CONSIDERED the “Grand Old Lady of the Tamar”, with a chequered past, the Long Reach mill in the East Tamar has celebrated its 50th anniversary.
Staff and management marked the occasion this week reflecting on the mill’s history and changes over the past five decades. First opened in 1972 under the ownership of Associated Pulp and Paper Mills (APPM), the mill’s steel superstructure was built to the highest specifications.
At its peak of operations in the 70s and 80s, it’s believed to have been the biggest export woodchip mill in the world, with two processing lines. As the centre for APPM’s Tamar and northeast forestry operations in the 70s, the site housed as many as 155 people on its riverbank location, including mill operators, administration staff, management and the forestry team of up to 20.
Under the ownership of North Forest Products in the 90s, it was a prime site, with manicured gardens and a strong culture, recalls Bryan Hayes, whose 50-year forestry career saw him work his way up from mill floor cleaner through forestry and mill management roles to CEO of Forico until late last year.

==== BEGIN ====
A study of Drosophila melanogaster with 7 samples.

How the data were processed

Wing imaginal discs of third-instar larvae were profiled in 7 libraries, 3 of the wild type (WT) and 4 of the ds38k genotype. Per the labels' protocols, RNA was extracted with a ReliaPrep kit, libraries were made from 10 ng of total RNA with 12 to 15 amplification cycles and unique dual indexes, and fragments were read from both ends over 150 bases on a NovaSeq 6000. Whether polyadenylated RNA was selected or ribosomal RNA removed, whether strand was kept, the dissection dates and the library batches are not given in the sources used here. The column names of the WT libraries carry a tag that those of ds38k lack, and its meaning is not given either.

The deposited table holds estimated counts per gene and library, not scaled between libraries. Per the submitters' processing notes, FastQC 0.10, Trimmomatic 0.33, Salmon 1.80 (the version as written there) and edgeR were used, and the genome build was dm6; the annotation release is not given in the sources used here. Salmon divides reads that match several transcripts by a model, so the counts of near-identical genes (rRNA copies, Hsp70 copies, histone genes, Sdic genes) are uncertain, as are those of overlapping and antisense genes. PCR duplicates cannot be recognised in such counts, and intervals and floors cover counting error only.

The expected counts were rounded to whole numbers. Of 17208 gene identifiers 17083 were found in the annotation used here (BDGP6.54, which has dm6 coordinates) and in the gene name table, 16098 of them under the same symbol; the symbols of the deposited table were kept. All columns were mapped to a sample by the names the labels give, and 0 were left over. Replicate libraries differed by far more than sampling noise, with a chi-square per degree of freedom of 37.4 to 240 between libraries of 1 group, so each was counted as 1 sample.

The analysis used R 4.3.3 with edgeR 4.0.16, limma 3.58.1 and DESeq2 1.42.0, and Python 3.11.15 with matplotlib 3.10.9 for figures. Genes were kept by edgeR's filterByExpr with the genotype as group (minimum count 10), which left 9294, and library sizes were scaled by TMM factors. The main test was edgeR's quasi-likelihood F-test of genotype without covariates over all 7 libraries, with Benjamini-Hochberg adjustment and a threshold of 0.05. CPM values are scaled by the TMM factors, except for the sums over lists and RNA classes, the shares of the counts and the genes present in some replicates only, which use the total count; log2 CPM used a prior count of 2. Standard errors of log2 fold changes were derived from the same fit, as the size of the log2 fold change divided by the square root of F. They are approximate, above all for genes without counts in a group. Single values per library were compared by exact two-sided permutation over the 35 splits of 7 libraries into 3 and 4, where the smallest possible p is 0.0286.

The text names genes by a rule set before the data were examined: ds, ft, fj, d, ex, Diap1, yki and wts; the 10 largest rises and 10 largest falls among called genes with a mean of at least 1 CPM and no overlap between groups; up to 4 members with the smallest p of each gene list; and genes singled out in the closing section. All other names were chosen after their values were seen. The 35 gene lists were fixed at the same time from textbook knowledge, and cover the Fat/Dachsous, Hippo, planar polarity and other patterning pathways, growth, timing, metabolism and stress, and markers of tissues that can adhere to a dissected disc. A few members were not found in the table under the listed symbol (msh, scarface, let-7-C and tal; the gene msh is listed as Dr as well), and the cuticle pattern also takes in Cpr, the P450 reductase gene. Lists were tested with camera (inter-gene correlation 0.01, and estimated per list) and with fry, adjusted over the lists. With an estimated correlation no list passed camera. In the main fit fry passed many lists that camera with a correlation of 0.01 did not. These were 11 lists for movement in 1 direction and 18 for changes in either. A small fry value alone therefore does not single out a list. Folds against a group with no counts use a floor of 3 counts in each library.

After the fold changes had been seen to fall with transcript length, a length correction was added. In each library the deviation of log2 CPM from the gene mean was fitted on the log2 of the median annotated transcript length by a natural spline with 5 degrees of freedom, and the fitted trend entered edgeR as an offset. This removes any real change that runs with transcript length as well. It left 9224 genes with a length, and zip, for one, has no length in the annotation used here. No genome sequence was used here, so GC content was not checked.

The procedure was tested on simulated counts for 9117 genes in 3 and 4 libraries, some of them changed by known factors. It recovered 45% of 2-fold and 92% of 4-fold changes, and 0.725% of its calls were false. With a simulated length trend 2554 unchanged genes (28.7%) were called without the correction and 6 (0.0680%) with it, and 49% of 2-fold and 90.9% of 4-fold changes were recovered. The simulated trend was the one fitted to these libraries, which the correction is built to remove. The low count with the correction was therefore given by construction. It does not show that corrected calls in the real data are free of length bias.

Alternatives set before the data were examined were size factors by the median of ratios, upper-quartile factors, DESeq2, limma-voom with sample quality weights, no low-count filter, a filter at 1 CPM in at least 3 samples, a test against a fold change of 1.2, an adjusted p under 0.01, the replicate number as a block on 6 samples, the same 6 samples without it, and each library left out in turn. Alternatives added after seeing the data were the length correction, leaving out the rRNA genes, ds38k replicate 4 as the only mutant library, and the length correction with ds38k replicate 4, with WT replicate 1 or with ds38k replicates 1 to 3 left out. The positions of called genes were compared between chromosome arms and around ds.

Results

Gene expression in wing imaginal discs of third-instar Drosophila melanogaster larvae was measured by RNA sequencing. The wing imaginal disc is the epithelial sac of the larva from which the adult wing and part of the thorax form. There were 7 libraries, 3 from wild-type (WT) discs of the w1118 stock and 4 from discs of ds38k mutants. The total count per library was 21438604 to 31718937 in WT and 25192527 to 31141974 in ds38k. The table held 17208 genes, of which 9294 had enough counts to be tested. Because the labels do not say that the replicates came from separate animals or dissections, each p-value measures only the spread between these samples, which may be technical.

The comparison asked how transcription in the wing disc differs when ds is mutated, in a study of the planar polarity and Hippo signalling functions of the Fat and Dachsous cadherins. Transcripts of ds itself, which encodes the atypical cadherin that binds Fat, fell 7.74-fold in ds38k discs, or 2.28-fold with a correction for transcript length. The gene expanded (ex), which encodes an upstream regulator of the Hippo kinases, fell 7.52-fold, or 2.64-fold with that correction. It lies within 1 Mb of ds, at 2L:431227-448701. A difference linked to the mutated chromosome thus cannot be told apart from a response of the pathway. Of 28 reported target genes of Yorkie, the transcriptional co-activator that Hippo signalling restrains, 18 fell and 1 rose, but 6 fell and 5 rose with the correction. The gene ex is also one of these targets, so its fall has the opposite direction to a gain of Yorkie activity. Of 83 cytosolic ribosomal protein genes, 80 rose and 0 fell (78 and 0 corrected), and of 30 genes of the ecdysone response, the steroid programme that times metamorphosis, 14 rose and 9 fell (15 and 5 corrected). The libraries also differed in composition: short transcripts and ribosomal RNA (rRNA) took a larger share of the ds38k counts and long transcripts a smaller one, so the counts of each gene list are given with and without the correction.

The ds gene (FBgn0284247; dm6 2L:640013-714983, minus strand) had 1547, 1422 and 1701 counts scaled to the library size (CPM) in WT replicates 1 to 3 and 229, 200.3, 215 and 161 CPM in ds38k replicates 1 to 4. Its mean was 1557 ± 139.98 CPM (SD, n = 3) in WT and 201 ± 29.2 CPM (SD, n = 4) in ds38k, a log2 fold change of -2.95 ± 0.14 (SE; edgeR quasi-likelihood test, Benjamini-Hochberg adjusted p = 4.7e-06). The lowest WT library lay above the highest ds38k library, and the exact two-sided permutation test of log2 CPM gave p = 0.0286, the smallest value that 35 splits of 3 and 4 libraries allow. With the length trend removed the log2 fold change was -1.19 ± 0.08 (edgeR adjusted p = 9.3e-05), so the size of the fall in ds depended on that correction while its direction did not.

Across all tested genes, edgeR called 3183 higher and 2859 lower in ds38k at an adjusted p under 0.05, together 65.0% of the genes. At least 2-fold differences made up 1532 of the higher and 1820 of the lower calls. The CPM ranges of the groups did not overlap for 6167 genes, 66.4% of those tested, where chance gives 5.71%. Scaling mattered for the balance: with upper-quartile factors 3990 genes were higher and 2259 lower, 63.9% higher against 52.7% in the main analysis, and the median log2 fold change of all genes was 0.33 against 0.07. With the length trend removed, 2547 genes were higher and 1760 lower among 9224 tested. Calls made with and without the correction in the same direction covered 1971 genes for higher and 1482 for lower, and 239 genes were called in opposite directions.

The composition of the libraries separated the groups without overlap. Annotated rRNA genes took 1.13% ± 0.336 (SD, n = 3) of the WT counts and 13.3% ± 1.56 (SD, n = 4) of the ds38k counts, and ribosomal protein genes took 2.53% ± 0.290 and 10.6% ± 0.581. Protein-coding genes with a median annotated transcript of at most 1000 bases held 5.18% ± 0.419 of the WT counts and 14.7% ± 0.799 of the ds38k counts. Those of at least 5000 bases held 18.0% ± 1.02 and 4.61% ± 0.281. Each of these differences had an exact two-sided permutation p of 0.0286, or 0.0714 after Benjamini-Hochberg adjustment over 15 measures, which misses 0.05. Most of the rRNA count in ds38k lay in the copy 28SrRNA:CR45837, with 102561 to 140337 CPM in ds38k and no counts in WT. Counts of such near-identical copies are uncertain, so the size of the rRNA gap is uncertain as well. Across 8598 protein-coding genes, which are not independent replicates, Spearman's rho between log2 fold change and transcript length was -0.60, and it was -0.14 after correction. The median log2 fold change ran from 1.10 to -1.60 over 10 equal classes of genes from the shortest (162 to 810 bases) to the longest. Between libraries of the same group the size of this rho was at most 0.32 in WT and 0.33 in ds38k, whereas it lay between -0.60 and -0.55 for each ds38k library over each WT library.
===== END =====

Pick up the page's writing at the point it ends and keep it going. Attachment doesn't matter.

The next few years saw the fortunes of Long Reach turn, when it famously became the proposed site of the pulp mill. During that time, it was driven hard under the ownership of Gunns, with spending on maintenance or upgrades embargoed. The mill has been managed by Tasmanian company Forico since 2014 and now processes plantation pine and eucalypt for export as woodchip.
The mill services customers primarily in Japan and China, where the chips are used for fibre-based product such as paper, cardboard and other renewables. The old ‘north mill’ site, where native forest logs were processed now lies cleared and empty with Forico having transitioned the supply chain to sustainable plantation logging only.
These days, the 77,000ha of native forest under the company’s custodianship is not logged, but managed for conservation. At a celebration last week, management and staff got together to mark the day, with Forico CEO Ange Albertini handing out cake and Bryan Hayes, now Chair of the Tasmanian Forest Products Association, dropping by to look back at the mill’s history with many of its current workforce of around 25 operational staff and mill management.